Simplified debt restructuring — am I eligible?
As part of changes to Australia’s insolvency framework that came into effect this year, eligible small businesses trapped under the weight of insurmountable debt can now access a simplified debt restructuring process.
In a business insights series, CCIWA member RSM Australia explains what this means for you.
The simplified debt restructuring process essentially allows business owners to retain control of their company while repaying the company’s debts, with some protection against creditor claims.
The aim is to enable a transition from insolvency to solvency so the business survives, employees keep their jobs, and creditors are repaid.
If your business is insolvent, or likely to become insolvent, you have a limited window to minimise the risk of insolvent trading and breaches of director’s duties by proactively seeking appropriately qualified help and if need be, engage a Small Business Restructuring Practitioner.
Simplified debt restructuring plan — am I eligible?
To be eligible for the simplified debt restructuring process, your business must meet these key requirements:
- Be incorporated with less than $1 million in liabilities (provable debts per s553 and excluding employee entitlements);
- Be either insolvent or likely to become insolvent at some future time*;
- Be up to date with the payment of employee entitlements; and
- Be up to date with all tax lodgements (not necessarily tax debt).
Your business and its directors (including former directors from the past 12 months) can’t have gone through either a simplified liquidation or the small business restructuring process in the last seven years (some exceptions apply to this).
Not be under other restructuring or administration including a Deed of Company Arrangement or liquidation.
* Insolvent means your business is unable to pay its debts as and when they are due.
How does simplified debt restructuring work?
To implement simplified debt restructuring in your business, you must first contact a registered liquidator. Only registered liquidators can act as a “Small Business Restructuring Practitioner” and advise you on simplified debt restructuring.
The simplified debt restructuring process generally follows these steps:
- Directors agree the company is insolvent or may soon be insolvent.
- Board meeting to confirm the appointment of a Small Business Restructuring Practitioner.
- Work with the practitioner to prepare a restructuring plan within 20 business days.
- Finalise and propose the restructuring plan to creditors.
- Creditors have 15 business days to vote to approve or reject the plan.
Throughout the process, the directors remain in control of the business and continue trading while putting the plan into action.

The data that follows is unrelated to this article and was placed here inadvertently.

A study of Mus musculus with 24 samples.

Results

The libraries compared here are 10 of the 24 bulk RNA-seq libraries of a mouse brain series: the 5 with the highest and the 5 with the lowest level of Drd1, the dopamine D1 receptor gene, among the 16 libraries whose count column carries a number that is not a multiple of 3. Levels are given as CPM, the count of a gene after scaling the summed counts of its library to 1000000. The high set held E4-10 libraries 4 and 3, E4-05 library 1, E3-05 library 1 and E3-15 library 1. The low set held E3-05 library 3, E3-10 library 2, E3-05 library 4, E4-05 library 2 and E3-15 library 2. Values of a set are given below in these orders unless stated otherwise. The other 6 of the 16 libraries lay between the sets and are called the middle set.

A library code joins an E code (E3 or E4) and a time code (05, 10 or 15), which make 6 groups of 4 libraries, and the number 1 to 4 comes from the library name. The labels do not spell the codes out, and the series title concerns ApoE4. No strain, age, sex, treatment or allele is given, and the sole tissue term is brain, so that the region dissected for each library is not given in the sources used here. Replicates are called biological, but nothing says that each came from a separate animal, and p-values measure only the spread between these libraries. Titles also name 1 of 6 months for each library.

During the process, the business is afforded some protection from being forced into liquidation by creditors. Some secured creditors can still take enforcement action against the business though, so it’s important to discuss this with your registered liquidator before you decide on the best way forward.
The Small Business Restructuring Practitioner must be kept up to date on how the business is tracking — and the company’s books made available to them at any time, if they need them. If the plan is ultimately approved (you need 50 per cent support based on the “value” of the “affected creditor” debts), then the practitioner will be responsible for disbursing payments to creditors as per the terms in the approved restructuring plan.
One key concern with the Small Business Restructuring process versus voluntary administration is that your practitioner is not liable for debts incurred while you trade on. Creditors know this — so while they may approve your restructuring plan, they may not be inclined to continue supplying your company with the goods or services you need to remain operational.
If the plan is not approved, directors need to discuss other options with the practitioner, such as voluntary administration or liquidation.
What’s in a debt restructuring plan?
The debt restructuring plan includes all current unsecured debt that your company is liable for (including shortfalls to partly secured creditors and participating secured creditor debts).
It does not include employee payments (wages, superannuation, and so on), which is why these must be paid for before the restructuring plan can commence.
If you incur new debt during the simplified debt restructuring process, this needs to be repaid outside of the restructuring plan.
As part of the terms of the plan, all creditors rank equally and are repaid at the same time. If the company cannot make its payments, the plan is exited and the practitioner will work with you to determine next steps.
Is Simplified debt restructuring right for your business?
While simplified debt restructuring is a great initiative, it will not suit all businesses in financial distress.
This table explains the key differences between the 3 most common appointments for assisting an insolvent business.
View the table here.
* Subject to any agreement concerning costs for dealing with legal actions
** Prior to issuing the restructuring plan being within circa 20 business days of appointment
*** During both the voluntary administration and the restructuring period
What does simplified debt restructuring cost?
A Small Business Restructuring Practitioner will present you with a fixed fee for providing their services throughout the simplified debt restructuring process.
Once you agree to this fee the restructuring can begin.
The practitioner’s fee for executing and managing the approved restructuring plan is paid as a percentage of the payments to creditors, which creditors must agree to as part of the debt restructuring plan.
To find out if the simplified debt restructuring process is the right step forward for your business, contact RSM’s restructuring and recovery team via a local RSM office.